Tuesday, September 20, 2022


The cards in ACE$ Bonus Poker (ABP) are just like the ones in regular Bonus Poker (BP) except there are superimposed yellow letters on four cards: “A” on the ace of clubs, “C” on the ace of diamonds, “E” on the ace of hearts, and “$” on the ace of spades. The order of the suits is alphabetical and contract bridge players will also be familiar with this order.

If you get four aces in ACE$ order, either in positions 1-4 or 2-5, you get paid 4,000 coins instead of 400. I’ve written about this game numerous times and have usually said the only changes you make to regular 8/5 BP strategy to play 8/5 ABP perfectly are to break aces full when the aces are in proper sequence for the bonus.

That is, calling the aces by their superimposed letters, from ACE55 or 6A6E$, among many others, you just hold the aces. From AE$44 or KAE$K, also among many others, you’d hold the full house. 

Turns out whenever I said that’s the only change you make to the strategy, I was wrong! (In one article I found one additional hand, A 8 “467”, but I now know there are more than that.) Breaking in-position aces full hands is the only simple adjustment to make, and for more than 99% of players that’s a useful approximation, but there are a number of cases where you holding one in-position ace, sometimes with another card and sometimes not, in ABP and make another hold in BP.  

A friend of mine, Filius Bruce, who’s a very good computer programmer, has come up with a comprehensive list of such cases. His website www.vidpoke.com. He hasn’t published the strategy for this game yet, but it wouldn’t surprise me if he did in the near future.

Let me give you an example. In BP, where suited italicized letters indicate cards suited with each other, as do cards within quote marks, from the hand AQ “89T” you go for the straight flush in BP but hold the AQ in ABP.

Let’s see how common hand that is.

In regular BP, when we don’t care about the position of the cards, this hand arises 12 times out of the 2,598,960 possible combinations. Which in once in 216,580 hands. For reference, that’s three times as often as a dealt royal flush and exactly as often as being dealt aces with a kicker. The way we get 12 times, is the AQ can be any of four suits, and once that suit is selected, the “89T” can be any of the three remaining suits. Four times three equals 12.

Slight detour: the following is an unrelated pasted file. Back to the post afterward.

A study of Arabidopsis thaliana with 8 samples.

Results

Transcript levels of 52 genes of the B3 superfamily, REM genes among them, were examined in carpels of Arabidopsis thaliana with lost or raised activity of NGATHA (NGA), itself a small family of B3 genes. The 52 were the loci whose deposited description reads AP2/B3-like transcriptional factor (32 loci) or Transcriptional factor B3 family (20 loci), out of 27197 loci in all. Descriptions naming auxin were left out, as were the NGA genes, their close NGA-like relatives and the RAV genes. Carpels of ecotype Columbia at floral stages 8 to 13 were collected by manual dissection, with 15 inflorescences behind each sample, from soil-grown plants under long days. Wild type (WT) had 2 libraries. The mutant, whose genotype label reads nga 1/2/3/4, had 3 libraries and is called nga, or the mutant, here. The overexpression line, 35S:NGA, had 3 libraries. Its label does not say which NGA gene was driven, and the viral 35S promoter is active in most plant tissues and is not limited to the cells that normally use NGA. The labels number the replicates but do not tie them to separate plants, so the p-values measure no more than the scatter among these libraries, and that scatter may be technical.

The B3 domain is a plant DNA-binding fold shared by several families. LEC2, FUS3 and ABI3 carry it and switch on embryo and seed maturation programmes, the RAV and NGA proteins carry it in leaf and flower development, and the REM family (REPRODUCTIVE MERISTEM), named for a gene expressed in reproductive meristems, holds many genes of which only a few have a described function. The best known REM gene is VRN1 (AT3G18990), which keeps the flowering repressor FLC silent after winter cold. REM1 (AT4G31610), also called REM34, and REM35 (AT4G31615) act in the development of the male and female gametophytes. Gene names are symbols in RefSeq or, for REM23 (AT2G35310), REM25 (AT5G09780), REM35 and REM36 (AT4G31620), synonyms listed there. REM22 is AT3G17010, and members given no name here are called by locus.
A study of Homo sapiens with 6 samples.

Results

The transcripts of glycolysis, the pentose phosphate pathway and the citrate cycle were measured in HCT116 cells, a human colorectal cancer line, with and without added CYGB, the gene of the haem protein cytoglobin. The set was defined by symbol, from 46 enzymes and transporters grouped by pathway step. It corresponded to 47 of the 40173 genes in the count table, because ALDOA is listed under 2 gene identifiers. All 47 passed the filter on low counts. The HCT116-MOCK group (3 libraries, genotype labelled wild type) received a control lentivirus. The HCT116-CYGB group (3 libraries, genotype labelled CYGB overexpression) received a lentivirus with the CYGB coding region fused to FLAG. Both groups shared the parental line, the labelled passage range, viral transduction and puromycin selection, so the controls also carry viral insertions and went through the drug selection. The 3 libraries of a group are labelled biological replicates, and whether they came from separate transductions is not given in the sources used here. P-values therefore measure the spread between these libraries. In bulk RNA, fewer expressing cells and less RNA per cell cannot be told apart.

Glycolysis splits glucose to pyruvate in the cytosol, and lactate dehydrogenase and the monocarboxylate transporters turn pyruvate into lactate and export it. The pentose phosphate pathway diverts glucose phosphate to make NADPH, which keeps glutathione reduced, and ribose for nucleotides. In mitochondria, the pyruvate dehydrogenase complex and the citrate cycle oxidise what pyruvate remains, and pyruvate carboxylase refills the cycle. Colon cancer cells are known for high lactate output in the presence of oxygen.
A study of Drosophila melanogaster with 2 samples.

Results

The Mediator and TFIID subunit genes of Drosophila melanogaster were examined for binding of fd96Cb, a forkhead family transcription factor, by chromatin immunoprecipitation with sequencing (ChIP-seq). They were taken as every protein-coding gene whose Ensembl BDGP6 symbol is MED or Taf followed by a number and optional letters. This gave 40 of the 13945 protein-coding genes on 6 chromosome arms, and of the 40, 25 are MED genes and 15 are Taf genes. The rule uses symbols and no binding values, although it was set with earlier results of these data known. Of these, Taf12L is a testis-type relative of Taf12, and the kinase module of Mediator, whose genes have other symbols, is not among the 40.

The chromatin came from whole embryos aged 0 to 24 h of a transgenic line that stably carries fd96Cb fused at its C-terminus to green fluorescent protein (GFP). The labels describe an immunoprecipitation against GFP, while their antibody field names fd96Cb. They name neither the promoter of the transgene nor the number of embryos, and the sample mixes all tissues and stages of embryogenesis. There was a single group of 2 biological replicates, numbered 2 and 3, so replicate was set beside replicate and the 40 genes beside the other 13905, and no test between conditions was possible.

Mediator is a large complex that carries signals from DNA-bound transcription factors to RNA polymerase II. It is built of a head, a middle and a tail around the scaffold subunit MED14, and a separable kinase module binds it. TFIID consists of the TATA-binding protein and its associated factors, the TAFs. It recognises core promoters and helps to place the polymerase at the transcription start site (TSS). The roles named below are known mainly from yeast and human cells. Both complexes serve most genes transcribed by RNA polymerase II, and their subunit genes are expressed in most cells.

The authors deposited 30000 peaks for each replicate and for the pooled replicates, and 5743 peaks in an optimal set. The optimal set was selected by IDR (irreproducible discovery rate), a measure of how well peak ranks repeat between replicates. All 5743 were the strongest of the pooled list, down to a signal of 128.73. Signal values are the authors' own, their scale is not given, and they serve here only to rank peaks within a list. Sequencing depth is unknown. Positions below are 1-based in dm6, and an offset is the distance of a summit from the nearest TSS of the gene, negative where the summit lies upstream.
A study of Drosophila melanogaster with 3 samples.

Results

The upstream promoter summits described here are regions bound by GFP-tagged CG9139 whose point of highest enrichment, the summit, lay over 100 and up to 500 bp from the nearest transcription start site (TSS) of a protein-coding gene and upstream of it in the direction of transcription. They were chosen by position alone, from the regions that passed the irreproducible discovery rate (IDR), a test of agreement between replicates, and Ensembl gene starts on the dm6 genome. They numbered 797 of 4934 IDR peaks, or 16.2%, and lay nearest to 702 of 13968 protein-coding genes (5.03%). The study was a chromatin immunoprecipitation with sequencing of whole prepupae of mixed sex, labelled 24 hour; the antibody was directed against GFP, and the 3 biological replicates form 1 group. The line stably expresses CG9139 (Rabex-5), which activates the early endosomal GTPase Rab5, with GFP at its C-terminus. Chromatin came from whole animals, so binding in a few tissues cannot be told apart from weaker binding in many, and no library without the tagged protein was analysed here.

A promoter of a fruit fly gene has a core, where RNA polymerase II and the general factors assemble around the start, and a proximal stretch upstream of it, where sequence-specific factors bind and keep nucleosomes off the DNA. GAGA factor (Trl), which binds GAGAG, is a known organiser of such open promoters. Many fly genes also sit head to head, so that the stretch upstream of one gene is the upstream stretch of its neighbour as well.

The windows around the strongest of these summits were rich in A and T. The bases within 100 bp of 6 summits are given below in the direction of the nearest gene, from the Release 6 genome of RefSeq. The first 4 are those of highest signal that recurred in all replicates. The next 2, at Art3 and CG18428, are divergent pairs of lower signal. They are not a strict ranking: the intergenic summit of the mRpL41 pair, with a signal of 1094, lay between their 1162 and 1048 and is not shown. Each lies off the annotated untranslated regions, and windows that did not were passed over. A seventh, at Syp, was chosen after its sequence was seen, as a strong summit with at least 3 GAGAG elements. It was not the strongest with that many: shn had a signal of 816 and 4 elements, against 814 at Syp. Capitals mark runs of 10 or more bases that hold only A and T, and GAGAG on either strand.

In ABP, we start with the same 12 occurrences, but then we have to make adjustments for the position of the ace and the position of the queen. To indicate an ace is in ABP position, I going to underscore it — such as A. For a given suited ace, there can be two positions it can be in. That is, if it’s the ace of clubs, it’s in its proper place if it is either in the first or second position. Similarly, if it’s the ace of hearts, it may be in either the third or fourth position. So that means that only two out of five times will the solitary aces will be in proper position.

Not so obvious until you think about it, the suited queen has to be out of the way in order for the ACE$ to be in order. For example, if the ace of diamonds is in the second position, the queen must be in the fifth so ACE$ may fit into positions 1-4. If the ace of diamonds is in third position, the queen must be in the first so ACE$ may fit into positions 2-5. Once the ace is in position, only one in four times will the queen also be in position.

Since the ace and queen both must be in position for this to work, this will only happen one time in 10 times we have all five cards dealt to us — or one time in 2,165,800 deals. And when it does happen, it’s a pretty close play!

The way I get one in 10 times, is multiplying the 2-in-5 probability the ace is in the correct place by the 1-in-4 probability the queen is in the correct place. There are six different ways the “89T” can be placed in the remaining three spots. All six of these ways are equivalent insofar as the ACE$ bonus goes, so that may be disregarded.

The other hands whose plays are different in ABP than they are in BP are approximately as rare — and as close. It’s fair to say that most of us (including me), don’t want to take the time and energy to remember these rare plays. If we write them down, we will lose far more time storing and looking up the correct play than the correct play is worth!

Nonetheless, it’s an excellent achievement to identify such rare plays even if they are not particularly useful for most players.